Getting antsy about ants in the pants

Now we know how hardworking ants are, their extraordinary work ethic and the meticulous order and system they bring to their appointed tasks.

SURESH SUBRAHMANYAN

Funny things, ants. Now you see them, now you don’t. Mostly, your life is blissfully ant free. Yet, if you inadvertently spill a blob of honey or cough syrup, there they are. Swarming in their thousands all over the sweetened drop, scurrying hither and thither. It’s as if a clarion call went out in the ant kingdom, ‘Drop of honey just spotted in the kitchen. Hurry, hurry before it disappears.’ Where do they come from, and where do they go? It is one of life’s eternal mysteries. Honey, I can understand, but cough syrup? Ants in a welter of collective catarrh. What a headline!

Now we know how hardworking ants are, their extraordinary work ethic and the meticulous order and system they bring to their appointed tasks. We’ve read up on how the queen ant calls the shots in her kingdom (queendom?), and if her subjects, the worker ants or soldier ants, including her soul mate, should rile her beyond a point, she wouldn’t think twice about eating him or them whole. You don’t want to mess around with a queen ant. Those of you who have had the dubious pleasure of serving under women bosses, either in a governmental, corporate or domestic environment, will know exactly what I am saying. If I must name names, Indira Gandhi, Margaret Thatcher, Mamata Banerjee, Elizabeth I and that unforgettable femme fatale, Mata Hari are just a few examples who will bear me out.

So with ants. They move in a mysterious way their wonders to perform. Having taken a special interest in these eusocial insects of the family Formicidae and, along with the related wasps and bees, belong to the order Hymenoptera, I can consider myself something of an authority on the subject. Relax, that was Google. The best I can do is to distinguish between black ants, that are generally harmless and primarily interested in crumbs of grub, preferably sweetened and thrown around the floor, and the villainous red ants. Nasty things, red ants. They want all the goodies that their black counterparts fancy, but will not hesitate to bite you in places you never imagined. The expression ‘ants in the pants’ was derived primarily from the surreptitious and deadly attacks by red ants.

During my innocent childhood, I once experienced this very problem. I was taken to watch a Test Match in Chennai. We sat on rough, wooden benches on a warm day in the cheapest stands. Unbeknownst to me an army of red ants, feeding on some toothsome leftovers crawled up my pants, there to feast on body parts I do not care to mention. The agony was so acute I had to be rushed home, whereupon it was discovered that I had not developed a sudden fatal pox but attacked en masse by red ants. I was not rushed to Emergency, but it was a near thing. The family physician had to be called in to apply unguents and balm to heal the affected areas. So my simple advice to you is this. If you see red ants anywhere, get the aerosol spray of Flit or its equivalent and exterminate them.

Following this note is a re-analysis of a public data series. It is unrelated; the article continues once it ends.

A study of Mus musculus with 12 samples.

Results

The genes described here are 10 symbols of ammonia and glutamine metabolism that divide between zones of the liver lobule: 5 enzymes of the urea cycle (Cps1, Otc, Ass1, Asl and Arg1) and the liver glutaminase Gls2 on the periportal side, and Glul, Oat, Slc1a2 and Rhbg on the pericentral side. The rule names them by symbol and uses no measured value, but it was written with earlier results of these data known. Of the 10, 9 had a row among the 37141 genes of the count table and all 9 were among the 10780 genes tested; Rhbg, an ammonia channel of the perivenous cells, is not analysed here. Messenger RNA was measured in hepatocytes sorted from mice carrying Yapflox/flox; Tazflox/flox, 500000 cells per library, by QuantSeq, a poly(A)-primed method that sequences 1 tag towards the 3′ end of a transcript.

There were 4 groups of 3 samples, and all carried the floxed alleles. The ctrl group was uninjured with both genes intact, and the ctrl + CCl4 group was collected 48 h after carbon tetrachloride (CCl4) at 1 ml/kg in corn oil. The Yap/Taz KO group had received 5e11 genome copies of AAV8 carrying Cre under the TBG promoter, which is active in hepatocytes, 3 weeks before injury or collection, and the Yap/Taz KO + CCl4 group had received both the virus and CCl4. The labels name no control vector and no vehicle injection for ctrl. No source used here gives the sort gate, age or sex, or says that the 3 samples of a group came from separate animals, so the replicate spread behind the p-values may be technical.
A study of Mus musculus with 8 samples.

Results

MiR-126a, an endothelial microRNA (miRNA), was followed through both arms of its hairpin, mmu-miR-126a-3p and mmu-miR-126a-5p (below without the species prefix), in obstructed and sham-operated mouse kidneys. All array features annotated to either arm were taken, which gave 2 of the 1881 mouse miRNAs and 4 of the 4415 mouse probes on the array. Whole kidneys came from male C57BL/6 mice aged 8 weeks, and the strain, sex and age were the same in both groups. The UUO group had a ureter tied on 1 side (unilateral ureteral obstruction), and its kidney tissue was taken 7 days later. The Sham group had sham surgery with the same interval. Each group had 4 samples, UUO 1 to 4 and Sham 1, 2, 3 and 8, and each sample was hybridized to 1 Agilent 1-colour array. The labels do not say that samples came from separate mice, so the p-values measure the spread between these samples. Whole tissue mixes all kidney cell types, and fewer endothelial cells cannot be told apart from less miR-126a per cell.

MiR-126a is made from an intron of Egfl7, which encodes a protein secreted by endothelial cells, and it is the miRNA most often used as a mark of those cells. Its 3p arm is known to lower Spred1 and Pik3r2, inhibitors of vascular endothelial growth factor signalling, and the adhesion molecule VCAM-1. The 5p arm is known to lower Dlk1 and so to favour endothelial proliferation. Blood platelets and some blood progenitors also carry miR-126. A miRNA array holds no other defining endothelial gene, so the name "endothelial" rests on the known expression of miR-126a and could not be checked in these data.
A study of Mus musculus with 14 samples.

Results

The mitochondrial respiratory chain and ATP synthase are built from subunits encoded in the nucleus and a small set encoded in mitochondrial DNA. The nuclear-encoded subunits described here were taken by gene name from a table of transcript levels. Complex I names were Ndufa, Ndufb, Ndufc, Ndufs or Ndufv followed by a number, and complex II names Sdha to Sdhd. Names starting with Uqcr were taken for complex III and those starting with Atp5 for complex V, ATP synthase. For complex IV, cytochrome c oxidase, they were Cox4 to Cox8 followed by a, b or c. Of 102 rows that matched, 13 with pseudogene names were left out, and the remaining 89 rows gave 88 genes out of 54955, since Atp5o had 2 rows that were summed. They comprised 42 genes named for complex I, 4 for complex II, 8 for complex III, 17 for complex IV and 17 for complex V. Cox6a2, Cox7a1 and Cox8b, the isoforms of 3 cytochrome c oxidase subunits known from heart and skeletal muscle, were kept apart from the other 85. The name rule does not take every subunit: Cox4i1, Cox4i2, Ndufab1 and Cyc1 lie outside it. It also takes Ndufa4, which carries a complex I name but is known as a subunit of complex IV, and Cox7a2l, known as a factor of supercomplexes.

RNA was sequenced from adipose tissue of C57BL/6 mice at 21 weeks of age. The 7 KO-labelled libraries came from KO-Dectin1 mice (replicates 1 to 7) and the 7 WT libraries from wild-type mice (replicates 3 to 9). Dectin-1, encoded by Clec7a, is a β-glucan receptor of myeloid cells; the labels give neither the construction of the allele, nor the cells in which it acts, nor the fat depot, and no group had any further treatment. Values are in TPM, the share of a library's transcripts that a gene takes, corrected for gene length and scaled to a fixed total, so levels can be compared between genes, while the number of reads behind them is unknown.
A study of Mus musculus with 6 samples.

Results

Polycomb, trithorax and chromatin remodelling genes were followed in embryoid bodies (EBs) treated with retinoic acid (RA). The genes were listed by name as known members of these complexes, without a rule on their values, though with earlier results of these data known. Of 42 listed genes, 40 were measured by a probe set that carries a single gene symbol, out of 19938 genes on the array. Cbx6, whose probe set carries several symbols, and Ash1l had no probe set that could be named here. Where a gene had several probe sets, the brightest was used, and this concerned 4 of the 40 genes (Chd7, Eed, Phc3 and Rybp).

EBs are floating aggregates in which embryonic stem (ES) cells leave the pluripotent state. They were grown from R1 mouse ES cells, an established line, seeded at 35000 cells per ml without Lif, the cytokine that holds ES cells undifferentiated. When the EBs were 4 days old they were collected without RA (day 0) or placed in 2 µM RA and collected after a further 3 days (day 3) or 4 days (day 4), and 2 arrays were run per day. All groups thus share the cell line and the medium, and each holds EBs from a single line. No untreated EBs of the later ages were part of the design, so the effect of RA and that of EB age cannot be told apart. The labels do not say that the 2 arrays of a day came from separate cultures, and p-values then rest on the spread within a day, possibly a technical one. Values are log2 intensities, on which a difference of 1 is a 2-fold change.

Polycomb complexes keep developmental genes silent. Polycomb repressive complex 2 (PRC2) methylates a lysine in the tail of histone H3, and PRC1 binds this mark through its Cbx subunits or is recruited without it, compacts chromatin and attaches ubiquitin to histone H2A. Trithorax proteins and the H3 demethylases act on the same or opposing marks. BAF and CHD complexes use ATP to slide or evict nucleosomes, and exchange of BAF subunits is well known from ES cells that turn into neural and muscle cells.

Show ruth at your own peril.The harmless black ants can be spared. Just clean the place up and they will disappear. I am also reliably informed that black ants form part of Lord Ganesh’s fan club, along with rats, so be kind to them. As to this sly introduction of the divine motif, I am all right with being kind to black ants, but I will definitely draw the line on rats, Lord Ganesh or no Lord Ganesh. God knows we are facing enough problems with heads of cattle roaming our streets unchecked thanks to erratic policy pronouncements, poorly implemented. I am dashed if similar kindnesses on religious grounds are to be extended to the rodent community! We did away with the plague only a few centuries ago.

There are some interesting myths associated with ants. If you happen to accidentally consume a couple of them unknowingly (they could have been stuck in your pineapple pastry), and had pangs of doubt later, fret not. They say ants improve one’s eyesight. I have no medical authentication to support this outlandish theory, but the story goes that tribes in faraway lands, who literally make a meal of ants, can spot an enemy approaching from ten miles away on a rainy day. So there! A sudden appearance of an organized line of soldierly ants can also presage the presence of a dead cockroach or lizard on the premises. All you have to do is follow the ant track and it will unfailingly lead you to some unfortunate creature that has seen better days. This is an excellent service the ants provide, because they sense the lifeless presence long before the dead stench assails your nostrils.

Which finally brings me to reflecting on a puzzling quandary. Why do we pay so little attention to ants? Is it because they are the ‘little people’ of the insect world, and can only draw attention when they are massed together in their hundreds? Do we only choose to notice them when we grandly remove the cover off the chocolate cake and find it encrusted with layers of red ants camouflaged on the icing? In spite of our apparent indifference to them, entomologists classify ants as among the most intelligent, organized and well put-together species. A thousand pities, then, that we have to put up with so many silly ant jokes. ‘Which is the biggest ant in the world? Elephant.’ ‘How many ants are needed to fill an apartment? Tenants.’ ‘What games do ants play with elephants? Squash.’ Then there are all those Pink Panther dead ant jokes. Whoever came up with these putrid ant gags deserves an army of red ants riding up his pants. As for me, if a colony of ants never darkens my door again, it will be too soon.